Mental Health: focus on what you can control during the “new normal”


Illustration by Rell Uehara, Contributing Artist

43 percent of people say their mental health has been affected by the coronavirus pandemic. To improve your mental health, focusing on what you are grateful for can help, according to Mid-Pacific experts.

Siena Usui, Staff Writer


Spending weeks at home without venturing outside has become the new normal for most students. During the coronavirus pandemic, mental health has become an issue for many.

According to a poll conducted by the Kaiser Family Foundation, 45 percent of adults in the United States say that their mental health has been affected by the coronavirus outbreak. 

“We had less people who weren’t as anxious and depressed because there was something more serious going on [the pandemic], but now that we’re into a month, we’re seeing more anxiety and depression,” said Jessie Mitchell, a behavior analyst who works at Mid-Pacific. 

Students said they are also struggling with their mental health.

“Personally the pandemic has had more of a negative impact on mental health for students. The self discipline it takes to wake up on time, attend every class, avoid home distractions, and etc. is a skill many of us lack,” said senior Michael Tam. 

With shopping malls, small businesses, and recreational areas closed, people are unable to partake in activities that were once a part of their daily life.

“Students aren’t able to do the things they love to do outside, and they aren’t getting much outside activity like before,” said sophomore Taiki Yamashita. 

Mitchell recommended being compassionate to others, journaling, taking screen breaks, having a circle of support (close friends, family), and doing things you enjoy to improve your mental health.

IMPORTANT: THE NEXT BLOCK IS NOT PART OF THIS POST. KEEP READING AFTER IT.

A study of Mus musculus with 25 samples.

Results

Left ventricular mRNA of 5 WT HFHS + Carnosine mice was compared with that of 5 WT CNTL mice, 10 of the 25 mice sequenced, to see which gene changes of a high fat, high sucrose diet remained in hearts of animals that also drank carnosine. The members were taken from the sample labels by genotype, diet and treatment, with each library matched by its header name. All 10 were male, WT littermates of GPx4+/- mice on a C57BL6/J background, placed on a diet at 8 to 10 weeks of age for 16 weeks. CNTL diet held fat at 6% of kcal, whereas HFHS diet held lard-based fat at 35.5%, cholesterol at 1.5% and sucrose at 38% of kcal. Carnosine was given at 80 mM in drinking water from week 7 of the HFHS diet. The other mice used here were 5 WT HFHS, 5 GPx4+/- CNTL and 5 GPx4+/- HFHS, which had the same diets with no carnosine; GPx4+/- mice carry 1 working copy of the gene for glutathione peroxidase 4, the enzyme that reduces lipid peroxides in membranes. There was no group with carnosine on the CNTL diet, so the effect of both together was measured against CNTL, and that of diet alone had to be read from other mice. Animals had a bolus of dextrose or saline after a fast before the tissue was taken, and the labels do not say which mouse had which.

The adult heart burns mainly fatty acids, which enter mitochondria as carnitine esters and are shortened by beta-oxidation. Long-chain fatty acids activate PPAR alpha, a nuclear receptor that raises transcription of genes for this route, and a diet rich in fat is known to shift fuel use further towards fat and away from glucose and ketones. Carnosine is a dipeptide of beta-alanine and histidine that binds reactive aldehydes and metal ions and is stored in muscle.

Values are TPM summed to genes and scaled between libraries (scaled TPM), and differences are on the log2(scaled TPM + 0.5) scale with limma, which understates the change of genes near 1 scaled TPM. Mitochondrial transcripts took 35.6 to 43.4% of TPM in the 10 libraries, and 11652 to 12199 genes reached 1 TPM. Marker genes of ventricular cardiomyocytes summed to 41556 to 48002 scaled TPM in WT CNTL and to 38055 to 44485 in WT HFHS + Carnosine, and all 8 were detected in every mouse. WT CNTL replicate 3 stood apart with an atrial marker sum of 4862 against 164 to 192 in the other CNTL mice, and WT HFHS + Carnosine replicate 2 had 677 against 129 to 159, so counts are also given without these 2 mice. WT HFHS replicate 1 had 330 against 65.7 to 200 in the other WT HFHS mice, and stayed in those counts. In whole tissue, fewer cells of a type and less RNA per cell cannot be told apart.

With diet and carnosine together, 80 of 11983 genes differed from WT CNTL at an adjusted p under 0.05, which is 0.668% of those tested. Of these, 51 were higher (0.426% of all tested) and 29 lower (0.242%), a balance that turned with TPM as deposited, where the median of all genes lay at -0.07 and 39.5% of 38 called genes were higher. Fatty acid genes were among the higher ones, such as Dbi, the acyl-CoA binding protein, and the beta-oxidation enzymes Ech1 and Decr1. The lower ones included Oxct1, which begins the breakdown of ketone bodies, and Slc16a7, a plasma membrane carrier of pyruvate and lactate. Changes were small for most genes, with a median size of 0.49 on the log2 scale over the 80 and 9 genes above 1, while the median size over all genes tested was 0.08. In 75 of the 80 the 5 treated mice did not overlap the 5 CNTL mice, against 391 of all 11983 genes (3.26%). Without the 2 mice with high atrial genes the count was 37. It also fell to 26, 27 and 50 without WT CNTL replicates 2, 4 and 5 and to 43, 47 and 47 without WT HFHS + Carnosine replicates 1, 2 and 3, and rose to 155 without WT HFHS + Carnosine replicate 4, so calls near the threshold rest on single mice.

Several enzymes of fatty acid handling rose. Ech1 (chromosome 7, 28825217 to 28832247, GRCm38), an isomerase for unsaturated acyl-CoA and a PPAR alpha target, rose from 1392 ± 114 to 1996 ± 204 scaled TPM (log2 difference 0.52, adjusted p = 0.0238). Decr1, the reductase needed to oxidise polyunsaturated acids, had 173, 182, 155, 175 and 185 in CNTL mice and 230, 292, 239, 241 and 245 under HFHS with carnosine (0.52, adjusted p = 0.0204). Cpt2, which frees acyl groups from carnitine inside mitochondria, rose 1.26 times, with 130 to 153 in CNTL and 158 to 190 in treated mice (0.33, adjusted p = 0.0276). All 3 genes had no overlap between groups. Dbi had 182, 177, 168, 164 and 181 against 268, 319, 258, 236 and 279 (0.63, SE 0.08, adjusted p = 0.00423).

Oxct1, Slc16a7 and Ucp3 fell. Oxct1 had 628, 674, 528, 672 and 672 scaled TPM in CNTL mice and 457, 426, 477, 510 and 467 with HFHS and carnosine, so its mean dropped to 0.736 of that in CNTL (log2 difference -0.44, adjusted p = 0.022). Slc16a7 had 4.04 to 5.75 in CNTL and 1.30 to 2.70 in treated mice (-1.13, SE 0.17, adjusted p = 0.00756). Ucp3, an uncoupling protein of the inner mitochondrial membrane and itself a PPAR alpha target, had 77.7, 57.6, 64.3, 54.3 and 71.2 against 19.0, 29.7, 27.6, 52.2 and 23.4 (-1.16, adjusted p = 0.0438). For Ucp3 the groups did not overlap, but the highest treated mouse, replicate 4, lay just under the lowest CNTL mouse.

If you’re struggling with your mental health or are dealing with other mental problems, reach out to a trusted adult, a counselor, or your parents to talk about how you’re feeling can help. 

Some common causes of depression in teens are feeling like they don’t belong, being unable to see a future, feeling hopeless, having low self esteem, or when they feel worthless, said Mitchell. 

“I typically listen to music because it is sort of a haven for me when I’m stressed,” said sophomore Sydney Tsuruda.

Now with more free time on their hands, people are staying at home longer than usual and have more time spent with their family or roommates. 

“Being quarantined, for some people it’s actually improved family relationships. It can also put a strain on family relationships too. But I think that if you can learn how to communicate in a way that’s assertive and everyone’s able to express how they’re feeling, it can help avoid conflicts,” said high school counselor Cathy Ching. 

According to a survey conducted by the Benenson Strategy Group, 71 percent  of Americans are worried the social distancing measures in place will have a negative impact on the country’s mental health. 

“You have to find that motivating factor for you personally to pull you forward. And not everyone is motivated by the same things,” said Mitchell.